Upstairs at the Beresford by Will Carver #review

Book cover of Upstairs at the Beresford by Will Carver

Title: Upstairs at the Beresford
Will Carver
Publisher: Orenda Books


There are worse places than hell… Hotel Beresford is a grand, old building, just outside the city. And any soul is welcome. Danielle Ortega works nights, singing at whatever dive bar will offer her a gig. She gets by, keeping to herself. Sam Walker gambles and drinks, and can’t keep his hands to himself.

Now he’s tied up in a shoe closet with a dent in his head that matches Danielle’s broken ashtray. The man in 731 has been dead for two days and his dog has not stopped barking. Two doors down, the couple who always smokes on the window ledge will mysteriously fall. Upstairs, in the penthouse, Mr Balliol sees it all. He can peer into every crevice of every floor of the hotel from his screen-filled suite. He witnesses humanity and inhumanity in all its loneliness, passion and desperation in equal measure. All the ingredients he needs to make a deal.

When Danielle returns home one night to find Sam gone, a series of sinister events begins to unfold. But strange things often occur at Hotel Beresford, and many are only a distraction to hide something much, much darker…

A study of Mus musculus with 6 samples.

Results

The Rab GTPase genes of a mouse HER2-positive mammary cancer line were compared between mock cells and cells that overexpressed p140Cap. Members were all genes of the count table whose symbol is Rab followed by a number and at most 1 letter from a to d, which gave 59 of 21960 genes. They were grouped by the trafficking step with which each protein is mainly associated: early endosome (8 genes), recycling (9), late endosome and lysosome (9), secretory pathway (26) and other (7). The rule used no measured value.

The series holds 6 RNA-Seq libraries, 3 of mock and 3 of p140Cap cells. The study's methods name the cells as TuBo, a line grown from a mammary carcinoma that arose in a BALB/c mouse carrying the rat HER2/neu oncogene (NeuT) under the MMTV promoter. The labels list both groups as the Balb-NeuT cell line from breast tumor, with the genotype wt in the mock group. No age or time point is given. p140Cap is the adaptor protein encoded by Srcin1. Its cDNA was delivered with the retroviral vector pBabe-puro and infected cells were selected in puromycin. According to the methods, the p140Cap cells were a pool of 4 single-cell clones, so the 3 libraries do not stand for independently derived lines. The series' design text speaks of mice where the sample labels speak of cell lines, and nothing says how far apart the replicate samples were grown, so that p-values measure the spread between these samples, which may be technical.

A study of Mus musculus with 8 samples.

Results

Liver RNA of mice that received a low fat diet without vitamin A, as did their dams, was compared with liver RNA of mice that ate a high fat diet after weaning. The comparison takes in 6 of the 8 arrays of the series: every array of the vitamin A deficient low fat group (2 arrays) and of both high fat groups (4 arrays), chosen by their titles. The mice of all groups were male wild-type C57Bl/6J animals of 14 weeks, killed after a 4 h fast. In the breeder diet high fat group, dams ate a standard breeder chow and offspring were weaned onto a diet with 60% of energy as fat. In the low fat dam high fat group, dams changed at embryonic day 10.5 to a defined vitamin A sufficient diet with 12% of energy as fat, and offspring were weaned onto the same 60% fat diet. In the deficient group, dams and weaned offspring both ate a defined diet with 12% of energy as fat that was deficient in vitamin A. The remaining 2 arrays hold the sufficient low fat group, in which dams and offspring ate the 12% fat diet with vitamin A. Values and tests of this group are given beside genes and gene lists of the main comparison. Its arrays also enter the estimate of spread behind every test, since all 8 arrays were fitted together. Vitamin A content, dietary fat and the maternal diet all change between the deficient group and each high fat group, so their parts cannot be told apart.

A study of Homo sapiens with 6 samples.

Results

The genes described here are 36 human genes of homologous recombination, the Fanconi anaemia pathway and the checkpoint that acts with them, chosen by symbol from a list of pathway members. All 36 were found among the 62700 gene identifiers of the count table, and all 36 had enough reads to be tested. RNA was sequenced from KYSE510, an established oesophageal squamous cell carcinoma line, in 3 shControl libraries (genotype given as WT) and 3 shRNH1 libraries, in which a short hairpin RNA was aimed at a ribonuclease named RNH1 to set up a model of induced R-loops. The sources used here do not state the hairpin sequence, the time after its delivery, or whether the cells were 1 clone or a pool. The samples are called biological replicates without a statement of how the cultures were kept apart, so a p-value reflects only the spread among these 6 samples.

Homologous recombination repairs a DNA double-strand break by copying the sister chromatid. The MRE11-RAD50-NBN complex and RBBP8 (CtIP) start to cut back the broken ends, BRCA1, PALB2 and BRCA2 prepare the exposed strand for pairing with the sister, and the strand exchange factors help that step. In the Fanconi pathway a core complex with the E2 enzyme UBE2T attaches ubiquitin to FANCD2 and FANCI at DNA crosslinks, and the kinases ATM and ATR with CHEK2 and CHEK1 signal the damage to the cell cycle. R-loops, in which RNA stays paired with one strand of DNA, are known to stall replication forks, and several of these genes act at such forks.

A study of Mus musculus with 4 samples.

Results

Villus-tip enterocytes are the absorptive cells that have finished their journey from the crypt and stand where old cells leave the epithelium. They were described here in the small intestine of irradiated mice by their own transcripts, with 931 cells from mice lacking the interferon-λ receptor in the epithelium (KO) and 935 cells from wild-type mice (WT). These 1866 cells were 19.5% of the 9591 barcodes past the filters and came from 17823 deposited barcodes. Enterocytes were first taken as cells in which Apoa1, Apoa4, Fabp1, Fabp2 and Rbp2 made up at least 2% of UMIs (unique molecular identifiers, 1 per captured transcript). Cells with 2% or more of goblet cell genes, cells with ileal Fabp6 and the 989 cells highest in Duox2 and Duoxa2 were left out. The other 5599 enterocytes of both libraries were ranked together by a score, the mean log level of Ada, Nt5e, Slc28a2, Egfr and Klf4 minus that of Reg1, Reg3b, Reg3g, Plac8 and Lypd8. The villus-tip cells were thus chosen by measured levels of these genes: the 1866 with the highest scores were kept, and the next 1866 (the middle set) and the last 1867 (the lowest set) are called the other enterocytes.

Upstairs at the Beresford is a dark, original story following various guests at the notorious Hotel Beresford. There’s quite the mix of characters – some are likeable whilst some are, quite frankly, despicable! But, regardless of whether I’d want to hang out with – or even give the time of day to – some of these characters, they are fascinating to read about, and author Will Carver does a great job of digging deep into their troubled minds… I don’t think I agree with the way any of the characters behaved, but I enjoyed reading about them all!

The humour is dark and there are some shocking moments. The book addresses many topics – it digs into the greedy, selfish nature of so many people and the way we are slowly (or not so slowly!) destroying our planet, plus much more. It’s easy to blast through as the writing is engaging and though there’s some supernatural elements to the plot, it didn’t feel too much – most of the book is rooted in reality.

I haven’t read the sequel, The Beresford, but that didn’t affect my enjoyment of this crazy tale! However, I do now want to read it and see what happens after the events in Upstairs… If you enjoy reading about fundamentally flawed and often quite awful characters, like I do, then give this a go. It’s dark and unsettling but great fun too!

My rating: 4/5

Many thanks to Orenda for providing a copy of this book on which I chose to write an honest review.